Councillors with the Regional Municipality of Wood Buffalo, a sprawling area in Northern Alberta that includes Fort McMurray and dozens of oil sands facilities, voted this week on a motion to prohibit new work camps and deny renewals for existing camps within 75 kilometres of the urban centre. Municipal staff will draft a bylaw, which will return to council for public hearings and a vote in the coming months.

The proposal became a flashpoint in a region where the economy is inextricably linked to the oil sands but where local leaders have complained that the industry employs tens of thousands of workers who have no real connection to the community. Petroleum producers warned councillors that a moratorium would hurt an industry that is already struggling because of low oil prices.

Mayor Don Scott, who was elected in 2017 on a promise to reduce the region’s reliance on fly-in-fly-out workers, initially proposed a moratorium within a 120-km radius.

He said keeping workers isolated in camps means they are not spending money at local businesses or participating in the housing market, which has seen increasing vacancy and tumbling prices in the past year.

"It was becoming a situation where people were working in our region, taking their paycheque, and leaving and having no connection to the region,” he said in an interview.

“If you’re going to live within 75 kilometres [of Fort McMurray], come live with us and see what an amazing region this is.”

The policy, if passed in its current form, would ban new work camps and deny renewals for existing camps, some of which will see their current permits expire in 2022. The municipality estimates as many as 61 camps that employ more than 27,000 people are located within 75 km of Fort McMurray.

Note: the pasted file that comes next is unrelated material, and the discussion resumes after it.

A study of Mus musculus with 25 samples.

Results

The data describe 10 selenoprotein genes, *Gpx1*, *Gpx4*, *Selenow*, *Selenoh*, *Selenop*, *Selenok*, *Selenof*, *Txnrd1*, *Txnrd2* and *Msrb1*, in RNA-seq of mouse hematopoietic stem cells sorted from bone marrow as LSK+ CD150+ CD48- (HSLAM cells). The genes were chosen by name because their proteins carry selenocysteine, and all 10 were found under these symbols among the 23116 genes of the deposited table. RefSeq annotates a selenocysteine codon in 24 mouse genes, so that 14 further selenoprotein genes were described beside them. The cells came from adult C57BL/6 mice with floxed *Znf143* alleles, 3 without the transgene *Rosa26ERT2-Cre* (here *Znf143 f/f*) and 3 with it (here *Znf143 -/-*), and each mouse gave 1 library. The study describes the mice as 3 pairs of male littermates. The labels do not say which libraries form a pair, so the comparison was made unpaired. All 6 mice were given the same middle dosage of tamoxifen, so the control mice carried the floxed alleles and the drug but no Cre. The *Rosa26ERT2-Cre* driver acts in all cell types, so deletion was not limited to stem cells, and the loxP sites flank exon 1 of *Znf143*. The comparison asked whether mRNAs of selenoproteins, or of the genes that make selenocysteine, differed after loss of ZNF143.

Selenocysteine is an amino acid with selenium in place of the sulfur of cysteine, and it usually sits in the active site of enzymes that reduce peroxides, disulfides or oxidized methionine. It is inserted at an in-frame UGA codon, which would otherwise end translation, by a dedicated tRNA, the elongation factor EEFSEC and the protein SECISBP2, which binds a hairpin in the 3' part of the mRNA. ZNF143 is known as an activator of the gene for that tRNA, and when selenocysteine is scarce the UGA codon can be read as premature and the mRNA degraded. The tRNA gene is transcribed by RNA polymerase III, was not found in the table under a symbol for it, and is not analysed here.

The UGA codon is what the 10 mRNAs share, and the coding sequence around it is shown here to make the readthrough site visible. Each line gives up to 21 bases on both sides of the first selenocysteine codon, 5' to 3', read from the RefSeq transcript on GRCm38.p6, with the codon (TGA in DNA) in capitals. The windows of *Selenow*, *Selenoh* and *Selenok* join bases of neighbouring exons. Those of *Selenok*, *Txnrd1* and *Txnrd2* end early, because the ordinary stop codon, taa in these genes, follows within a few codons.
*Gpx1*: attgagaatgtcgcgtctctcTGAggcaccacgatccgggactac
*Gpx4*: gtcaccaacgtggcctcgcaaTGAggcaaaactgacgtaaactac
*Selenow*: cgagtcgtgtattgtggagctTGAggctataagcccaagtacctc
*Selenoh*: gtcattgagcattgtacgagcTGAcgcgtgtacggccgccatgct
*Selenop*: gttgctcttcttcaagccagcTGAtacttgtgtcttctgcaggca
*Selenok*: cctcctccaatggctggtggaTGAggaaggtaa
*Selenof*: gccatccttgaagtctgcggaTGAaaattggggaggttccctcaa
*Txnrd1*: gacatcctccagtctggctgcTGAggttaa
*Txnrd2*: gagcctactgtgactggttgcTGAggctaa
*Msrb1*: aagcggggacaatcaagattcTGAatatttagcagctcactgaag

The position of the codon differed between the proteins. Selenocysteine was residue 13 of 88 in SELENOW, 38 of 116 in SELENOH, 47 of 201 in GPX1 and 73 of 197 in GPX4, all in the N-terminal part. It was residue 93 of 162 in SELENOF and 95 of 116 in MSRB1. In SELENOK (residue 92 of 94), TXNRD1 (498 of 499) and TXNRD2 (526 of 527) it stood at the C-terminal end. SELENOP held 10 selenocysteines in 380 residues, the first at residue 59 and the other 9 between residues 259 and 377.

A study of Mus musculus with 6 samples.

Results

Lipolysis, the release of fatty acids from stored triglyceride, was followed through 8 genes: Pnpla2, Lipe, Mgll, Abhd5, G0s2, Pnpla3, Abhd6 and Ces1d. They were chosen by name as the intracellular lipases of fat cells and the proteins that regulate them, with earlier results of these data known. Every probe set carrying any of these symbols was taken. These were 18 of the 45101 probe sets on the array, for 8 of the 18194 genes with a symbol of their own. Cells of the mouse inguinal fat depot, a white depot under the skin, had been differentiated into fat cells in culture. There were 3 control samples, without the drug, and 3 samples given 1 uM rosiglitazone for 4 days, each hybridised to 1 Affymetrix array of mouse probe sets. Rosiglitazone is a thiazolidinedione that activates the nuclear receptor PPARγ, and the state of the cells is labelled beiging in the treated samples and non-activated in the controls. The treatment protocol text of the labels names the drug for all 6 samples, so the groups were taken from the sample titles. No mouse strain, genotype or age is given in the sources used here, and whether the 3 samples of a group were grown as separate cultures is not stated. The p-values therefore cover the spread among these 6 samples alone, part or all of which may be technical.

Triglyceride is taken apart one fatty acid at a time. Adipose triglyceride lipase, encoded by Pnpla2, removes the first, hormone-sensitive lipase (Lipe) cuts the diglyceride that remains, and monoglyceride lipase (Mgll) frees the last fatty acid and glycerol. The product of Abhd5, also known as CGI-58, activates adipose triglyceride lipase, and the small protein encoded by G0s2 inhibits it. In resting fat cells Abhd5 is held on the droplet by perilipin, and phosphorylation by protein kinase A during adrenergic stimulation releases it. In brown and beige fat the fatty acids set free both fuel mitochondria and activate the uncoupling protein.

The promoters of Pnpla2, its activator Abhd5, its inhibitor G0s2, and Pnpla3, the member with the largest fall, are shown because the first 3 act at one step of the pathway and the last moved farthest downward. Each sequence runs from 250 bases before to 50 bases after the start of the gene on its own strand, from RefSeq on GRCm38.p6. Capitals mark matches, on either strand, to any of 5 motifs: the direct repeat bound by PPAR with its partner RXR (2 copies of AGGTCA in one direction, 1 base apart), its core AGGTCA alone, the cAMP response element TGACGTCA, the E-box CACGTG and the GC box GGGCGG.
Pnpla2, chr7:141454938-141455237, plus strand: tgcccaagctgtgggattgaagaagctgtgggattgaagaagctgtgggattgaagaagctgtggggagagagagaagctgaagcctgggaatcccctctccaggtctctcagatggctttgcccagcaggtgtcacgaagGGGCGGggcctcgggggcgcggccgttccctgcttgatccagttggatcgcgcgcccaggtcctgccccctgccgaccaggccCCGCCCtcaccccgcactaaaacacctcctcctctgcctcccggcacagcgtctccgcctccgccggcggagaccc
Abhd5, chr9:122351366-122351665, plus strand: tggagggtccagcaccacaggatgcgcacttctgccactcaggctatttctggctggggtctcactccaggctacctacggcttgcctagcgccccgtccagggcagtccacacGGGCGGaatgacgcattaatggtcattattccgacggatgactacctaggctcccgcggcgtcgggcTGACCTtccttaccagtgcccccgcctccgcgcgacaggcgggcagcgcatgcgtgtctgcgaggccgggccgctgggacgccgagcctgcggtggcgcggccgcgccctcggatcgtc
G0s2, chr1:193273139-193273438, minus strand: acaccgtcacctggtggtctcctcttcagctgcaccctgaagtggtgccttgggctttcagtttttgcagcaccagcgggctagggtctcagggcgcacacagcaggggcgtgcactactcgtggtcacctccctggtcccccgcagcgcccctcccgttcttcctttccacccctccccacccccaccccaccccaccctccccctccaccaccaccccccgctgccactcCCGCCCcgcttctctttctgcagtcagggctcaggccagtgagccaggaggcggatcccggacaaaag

This week’s motion carves out exemptions for maintenance camps, shutdowns and sites that are inaccessible by road.

Mr. Scott said the camps would be phased out over the next several years.

“This is going to be a huge reset, and it’s going to take time,” he said.

Several oil sands producers including Suncor and Imperial Oil sent officials to council meetings earlier this month to oppose the motion.

Tracey Wolsey, Suncor’s director of Indigenous and community relations for Wood Buffalo, said the company already has 5,000 employees who live and work in Fort McMurray, but for many of its workers, it would be impractical to have them away from production and exploration sites.

“We know that those workers are better served and we’re better served if they’re close to our operations," Ms. Wolsey said in an interview.

“We need to be flexible and quick with getting those people into place when we need them.”

Ms. Wolsey also said the policy poses safety risks if workers are required to travel long distances before starting a shift. While the council motion proposes a radius of 75 kilometres, driving to one of the company’s sites would take as long as two hours.

“We have 12-hour shifts at that site, and we need to get our people there fit for duty,” she said.

Karim Zariffa, executive director, Oil Sands Community Alliance, said the moratorium would have unintended consequences and could actually hurt employment in the region and in Fort McMurray.

He noted the camps collectively pay more than $14-million a year in municipal taxes and account for a significant proportion of air traffic through the region’s main airport.

“As far as we’re concerned, a moratorium on camps is essentially a moratorium on development,” Mr. Zariffa said.